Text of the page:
We may think of coming out of the closet as a singular event, and, certainly, an unprecedented moment of truth occurs when we say “yes” to our emergent identities. At that point in time, we move forward into the freedom of being who we really are. Except that, who we really are includes everything that has happened to us along the way to coming out. Often, what we have left behind can be too painful to revisit until we are ready to reclaim the energy that we are losing by storing up the past in an unusable closet full of junk. With effective tools and supportive community, I believe that we can unpack the closet, toss out what we don’t need, and stock it full of the kind of experiences that further our individual and collective evolution.
What do we keep in the closet? Well, that depends on the baggage that you, personally, carry. Though, many of us can relate to the general residue of shame. Maybe we don’t know how to deal with memories of childhood trauma, or our secret delights that necessitate a deep sense of dishonesty, or confusing desires that make us feel really uncomfortable with ourselves. W may make excuses for avoiding necessary conversations with lovers, horde stockpiles of bodily inhibitions, perfect the personas that we rely upon in order to feel comfortable, struggle over habits with substances that–on some level–we know are hurting our bodies and relationships. I could go on and on; I am my own worst critic. In fact, if you’re like me, you might notice a continual trend towards tearing yourself down. I’m imagining that you might be able to do so, too. On some level, we often already know our own inner struggles and can make sense of them if we can brave tuning-in to the chatter inside of us. We actually have to practice skills in order to scour from ourselves what we’ve absorbed from perhaps well-intentioned families, cultures, and gods. It’s tough to fully enjoy sex while dragging around a ton of conditioning that makes us act out in ways that belie our professed freedom. I’m suggesting that we really aren’t free until we release the ways in which we beat ourselves up trying to be perfect. It can be liberating to accept being a beginner. At that point, we can seek out tools and resources designed to help us be great lovers.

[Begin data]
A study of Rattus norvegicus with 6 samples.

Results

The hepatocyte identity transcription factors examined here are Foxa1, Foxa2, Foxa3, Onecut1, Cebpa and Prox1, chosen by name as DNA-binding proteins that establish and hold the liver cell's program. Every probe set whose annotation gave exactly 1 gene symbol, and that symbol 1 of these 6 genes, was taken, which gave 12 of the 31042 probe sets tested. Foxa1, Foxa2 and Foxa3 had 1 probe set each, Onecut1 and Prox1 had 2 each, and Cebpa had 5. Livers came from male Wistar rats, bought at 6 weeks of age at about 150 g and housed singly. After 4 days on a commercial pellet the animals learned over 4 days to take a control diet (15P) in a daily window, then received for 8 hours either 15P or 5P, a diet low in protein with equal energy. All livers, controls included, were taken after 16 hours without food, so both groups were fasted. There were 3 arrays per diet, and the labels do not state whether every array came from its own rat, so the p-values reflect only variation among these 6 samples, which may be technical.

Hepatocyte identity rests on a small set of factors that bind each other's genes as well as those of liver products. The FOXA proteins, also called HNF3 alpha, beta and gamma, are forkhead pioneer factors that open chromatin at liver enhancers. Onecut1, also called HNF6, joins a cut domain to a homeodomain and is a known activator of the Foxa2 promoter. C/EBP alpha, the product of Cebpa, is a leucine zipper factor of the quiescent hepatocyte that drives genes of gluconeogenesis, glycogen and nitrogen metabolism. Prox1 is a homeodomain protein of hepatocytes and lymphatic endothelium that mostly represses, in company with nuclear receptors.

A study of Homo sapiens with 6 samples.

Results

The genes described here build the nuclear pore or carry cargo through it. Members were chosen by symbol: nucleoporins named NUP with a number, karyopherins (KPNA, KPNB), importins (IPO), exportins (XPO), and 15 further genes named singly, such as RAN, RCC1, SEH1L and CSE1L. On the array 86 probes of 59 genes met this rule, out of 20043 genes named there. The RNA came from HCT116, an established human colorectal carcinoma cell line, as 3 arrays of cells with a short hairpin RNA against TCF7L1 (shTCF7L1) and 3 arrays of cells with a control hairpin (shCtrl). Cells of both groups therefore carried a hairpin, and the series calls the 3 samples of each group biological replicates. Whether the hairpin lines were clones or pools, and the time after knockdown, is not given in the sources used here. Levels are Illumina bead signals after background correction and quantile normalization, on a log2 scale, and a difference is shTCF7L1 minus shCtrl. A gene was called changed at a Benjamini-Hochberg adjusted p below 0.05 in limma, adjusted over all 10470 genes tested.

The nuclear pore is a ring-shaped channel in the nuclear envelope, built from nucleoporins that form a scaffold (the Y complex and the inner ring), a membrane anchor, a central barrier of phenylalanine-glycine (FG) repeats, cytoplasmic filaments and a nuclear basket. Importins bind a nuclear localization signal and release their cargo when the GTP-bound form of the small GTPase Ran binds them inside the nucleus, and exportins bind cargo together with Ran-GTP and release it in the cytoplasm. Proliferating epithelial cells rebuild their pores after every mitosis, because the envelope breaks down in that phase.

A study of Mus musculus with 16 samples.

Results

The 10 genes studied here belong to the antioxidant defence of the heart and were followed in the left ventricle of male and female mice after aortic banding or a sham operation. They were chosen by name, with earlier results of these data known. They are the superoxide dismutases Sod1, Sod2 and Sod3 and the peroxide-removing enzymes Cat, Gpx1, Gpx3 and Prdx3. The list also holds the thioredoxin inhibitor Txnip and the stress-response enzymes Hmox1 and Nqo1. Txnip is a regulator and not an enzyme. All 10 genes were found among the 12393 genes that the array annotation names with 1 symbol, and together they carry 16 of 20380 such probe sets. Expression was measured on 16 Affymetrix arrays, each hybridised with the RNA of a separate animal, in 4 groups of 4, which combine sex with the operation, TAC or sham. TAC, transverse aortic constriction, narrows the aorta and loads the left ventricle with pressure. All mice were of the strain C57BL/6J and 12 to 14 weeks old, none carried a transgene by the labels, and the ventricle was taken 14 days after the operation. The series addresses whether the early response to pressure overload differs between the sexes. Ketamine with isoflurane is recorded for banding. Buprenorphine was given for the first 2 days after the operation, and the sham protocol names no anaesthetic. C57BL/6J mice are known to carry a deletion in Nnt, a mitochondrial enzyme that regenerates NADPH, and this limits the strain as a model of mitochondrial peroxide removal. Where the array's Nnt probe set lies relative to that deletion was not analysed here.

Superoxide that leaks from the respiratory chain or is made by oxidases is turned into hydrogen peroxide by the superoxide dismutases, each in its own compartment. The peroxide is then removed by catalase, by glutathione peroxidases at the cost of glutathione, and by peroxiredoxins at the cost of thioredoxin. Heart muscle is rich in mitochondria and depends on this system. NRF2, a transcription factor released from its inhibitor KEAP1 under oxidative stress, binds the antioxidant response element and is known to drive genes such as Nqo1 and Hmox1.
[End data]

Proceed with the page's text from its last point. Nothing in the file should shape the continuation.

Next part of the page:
In a prolific study of long-term erotic couples, spectacular sex researcher Peggy Kleinplatz concludes that amazing sex has little to do with two (or many!) hot bodies banging. Instead, great sex comes down to the following ingredients.
- Being fully present in the body
- Intense emotionality as the underlying drivers of the experiences
- Sexual/erotic intimacy – Essentially “sharing one’s full self” with another, not withholding.
- Stellar communication – Being able to really talk about what one wants. This requires some risk in opening up.
- Exploration, play, risk-taking!!
- Vulnerably & surrender – Being able to lose one’s self in the experience vs. performing and indexing pleasure to “am I doing this right??” or “Is he/she/they doing it right??”
- Transcendence – The creation of an experience that is greater than the sum of the parts.
To me, self-pleasure is a window into the baggage that I’m still carrying as well as an opportunity to practice repatterning the ways in which I show up as an erotic being. How we engage with pleasure is potentially illustrative of the stacks of psychosexual clutter that we harbor. At the same time, we can integrate pleasure as a transformative practice: the Erotic guiding us into deeper truth in order to look at our broken relationships to power, our insistence on beauty at all costs, our wounds that need love, and our aspirations that are beckoning us towards deeper fulfillment.